San Luis Obispo Superior Court jurors have heard over nine days of trial that Las Vegas truck driver Philip Ken Trujillo was reckless, that he made a series of dangerous decisions — including a grossly negligent left-hand turn — that culminated in the deaths of four people on Christmas Eve 2014. They’ve also heard that the prosecution’s evidence and witness testimony doesn’t support its own conclusion.
Now it’s the jury’s turn to decide. Jurors entered deliberation at the conclusion of closing arguments Wednesday afternoon.
Trujillo is charged with four counts of gross vehicular manslaughter, one felony count for each alleged victim: Crystal Reuck, David Castillo, Taylor Swarthout and Karen Szaz.
Deputy District Attorney Charles Blair argued that Trujillo was reckless and indifferent to oncoming vehicles when he turned his tractor-trailer from Highway 101 onto westbound Wellsona Road on Dec. 24, 2014.
But while jurors entered the jury room with notebooks and eight days of witness testimony recounting the series of events preceding and following the fatal collision, they did so missing one key detail: A coroner’s report that found methamphetamine, amphetamine and THC in Reuck’s blood at the time of the collision. Castillo, Szaz and Swarthout also all were found to have methamphetamine and other intoxicants in their system at the time of the collision.
That information, as well as any testimony or speculation about Reuck’s mindset, was excluded from trial by order of Judge Michael Duffy prior to the trial’s beginning May 12.
Trujillo’s attorney, Raymond Allen, wrote in his trial brief, “Crystal Reuck was suffering from depression and other mental health issues. This likely caused her to commit suicide. Suicide is supported by Reuck’s long history of mental illness, her history of suicide attempts and prior motor vehicle accident, the circumstances on the night in question and her failure to brake or take any evasive action to avoid the collision.”
In his motion to exclude that evidence, Blair argued that “it is well-established in California law that a defendant in a criminal case may not offer a victim’s negligence, or that of a third party, as a defense to his or her own criminal activity which caused the victim’s death.”
Blair further wrote that such an argument amounted to blaming the victim.
“It is unjust and contrary to law to place the burden on the victim to avoid a collision, caused by the unlawful actions of another,” he wrote.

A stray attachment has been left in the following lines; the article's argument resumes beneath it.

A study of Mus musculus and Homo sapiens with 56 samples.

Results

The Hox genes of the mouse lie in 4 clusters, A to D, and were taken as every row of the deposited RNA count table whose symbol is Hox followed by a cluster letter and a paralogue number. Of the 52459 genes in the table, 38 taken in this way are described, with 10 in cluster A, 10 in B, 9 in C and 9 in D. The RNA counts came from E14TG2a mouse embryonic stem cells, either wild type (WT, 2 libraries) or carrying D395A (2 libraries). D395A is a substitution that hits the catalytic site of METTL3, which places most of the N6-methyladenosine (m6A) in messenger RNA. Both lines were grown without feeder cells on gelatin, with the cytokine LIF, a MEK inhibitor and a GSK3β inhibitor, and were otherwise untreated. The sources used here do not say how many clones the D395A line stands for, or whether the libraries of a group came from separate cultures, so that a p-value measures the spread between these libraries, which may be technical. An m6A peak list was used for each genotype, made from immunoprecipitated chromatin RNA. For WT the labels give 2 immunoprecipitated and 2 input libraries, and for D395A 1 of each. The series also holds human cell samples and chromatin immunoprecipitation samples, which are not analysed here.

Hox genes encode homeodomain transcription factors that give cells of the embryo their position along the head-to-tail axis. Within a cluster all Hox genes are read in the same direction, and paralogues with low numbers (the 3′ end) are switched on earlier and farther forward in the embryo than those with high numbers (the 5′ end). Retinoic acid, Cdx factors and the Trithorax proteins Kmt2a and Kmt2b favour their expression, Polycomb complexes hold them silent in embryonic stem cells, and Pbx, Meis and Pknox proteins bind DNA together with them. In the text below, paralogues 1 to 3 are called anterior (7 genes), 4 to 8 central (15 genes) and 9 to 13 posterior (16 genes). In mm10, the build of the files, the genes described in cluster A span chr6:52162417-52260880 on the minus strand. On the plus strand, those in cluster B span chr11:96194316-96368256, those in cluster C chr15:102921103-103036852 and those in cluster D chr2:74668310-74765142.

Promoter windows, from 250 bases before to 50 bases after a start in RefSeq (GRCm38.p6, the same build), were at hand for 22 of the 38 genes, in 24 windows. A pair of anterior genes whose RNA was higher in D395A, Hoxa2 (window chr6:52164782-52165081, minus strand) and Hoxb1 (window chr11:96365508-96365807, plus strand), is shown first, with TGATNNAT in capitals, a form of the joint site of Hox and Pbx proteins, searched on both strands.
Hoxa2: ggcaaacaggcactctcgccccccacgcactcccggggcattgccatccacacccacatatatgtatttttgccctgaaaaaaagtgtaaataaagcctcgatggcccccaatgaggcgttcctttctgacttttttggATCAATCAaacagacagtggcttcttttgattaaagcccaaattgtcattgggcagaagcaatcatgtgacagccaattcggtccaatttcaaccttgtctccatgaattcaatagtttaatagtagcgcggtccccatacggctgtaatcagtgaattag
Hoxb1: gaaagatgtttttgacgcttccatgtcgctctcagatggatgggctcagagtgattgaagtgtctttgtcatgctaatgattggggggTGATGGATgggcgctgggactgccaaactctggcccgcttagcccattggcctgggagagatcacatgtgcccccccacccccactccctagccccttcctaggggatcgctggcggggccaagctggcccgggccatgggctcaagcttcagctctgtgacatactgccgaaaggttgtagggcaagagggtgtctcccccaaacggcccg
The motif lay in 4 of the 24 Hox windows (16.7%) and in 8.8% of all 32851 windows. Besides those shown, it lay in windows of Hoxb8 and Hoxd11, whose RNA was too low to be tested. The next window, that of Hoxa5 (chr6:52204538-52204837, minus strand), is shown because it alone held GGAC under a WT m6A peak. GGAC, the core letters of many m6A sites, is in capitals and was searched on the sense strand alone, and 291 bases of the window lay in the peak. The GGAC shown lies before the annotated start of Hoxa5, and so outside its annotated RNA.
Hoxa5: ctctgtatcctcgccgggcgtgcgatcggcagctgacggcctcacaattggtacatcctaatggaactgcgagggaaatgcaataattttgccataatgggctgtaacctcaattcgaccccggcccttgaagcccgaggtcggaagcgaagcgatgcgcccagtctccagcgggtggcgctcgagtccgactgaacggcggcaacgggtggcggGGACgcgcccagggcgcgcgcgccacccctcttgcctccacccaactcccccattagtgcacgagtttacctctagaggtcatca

Though Allen was prohibited from mentioning Reuck or the other alleged victims’ suspected drug use or Reuck’s mindset at the time, he and Blair nevertheless argued in closing arguments over Reuck’s responsibility on the road that night.
Allen said that traffic is a “dance” that involves give and take from all parties.
“We have to respect the dance even if there’s a law that says you have a right to go 65 mph,” Allen said.
The defense attorney said Reuck had “ample time, plenty of time” to slow down and avoid colliding with Trujillo’s trailer.
“I believe, with all due respect, that Ms. Reuck caused this accident,” Allen said.
It was a clear night with good visibility and dry road conditions, Allen said. The crossing where Trujillo turned was marked by a lighted truck crossing sign. He said other drivers were able to swerve to avoid striking Trujillo’s truck as it turned, but Reuck’s vehicle did not.
“She doesn’t slow down, she doesn’t even put her feet on the brake,” Allen said. “You have to ask yourself, ‘Why didn’t she react at all?’ ”
Blair countered that “there can be a thousand reasons” why Reuck didn’t stop, “and none of them matter.”
“It’s really easy to put the blame on her, and that’s not right,” Blair said.
The prosecutor said Reuck’s reason for not swerving or braking was irrelevant because Trujillo was the one creating the life-threatening condition.
He urged the jury, “Don’t speculate about why this accident happened.”
In his final statement to the jury, Blair conceded that certain evidence presented against Trujillo was not as originally depicted. In opening arguments, Blair showed the jury a photo of the air hose system on Trujillo’s truck, which was duct taped together.
Blair said he made a “reasonable assumption” that Trujillo had applied the tape, implying Trujillo knowingly and willfully drove his truck when he knew the air compression system was faulty. However, trial testimony revealed the tape was applied by a tow truck driver, a prosecution witness, who transported the truck after the accident.
“These trials are a fluid thing,” Blair said.
Allen criticized the deputy district attorney’s approach to the evidence.
“They were willing to let you (the jury) believe that Mr. Trujillo put that tape on there,” he said.
Allen urged the jury to apply a critical eye to the prosecution’s case, reminding jurors that Trujillo, not Blair, deserved the benefit of the doubt.
“You have to be sure when you go back into that jury room that you will not regret your decision,” he said. “Not tomorrow, not next week, not for the rest of your life.”
If found guilty on all four counts, Trujillo could receive up to a decade in prison. If jurors acquit Trujillo on any of the felony counts, they also must consider whether to convict the defendant on misdemeanor vehicular manslaughter, which carries a maximum of a year in jail.
Jurors deliberated for more than two hours Wednesday before going home for the day. They will resume deliberation Thursday.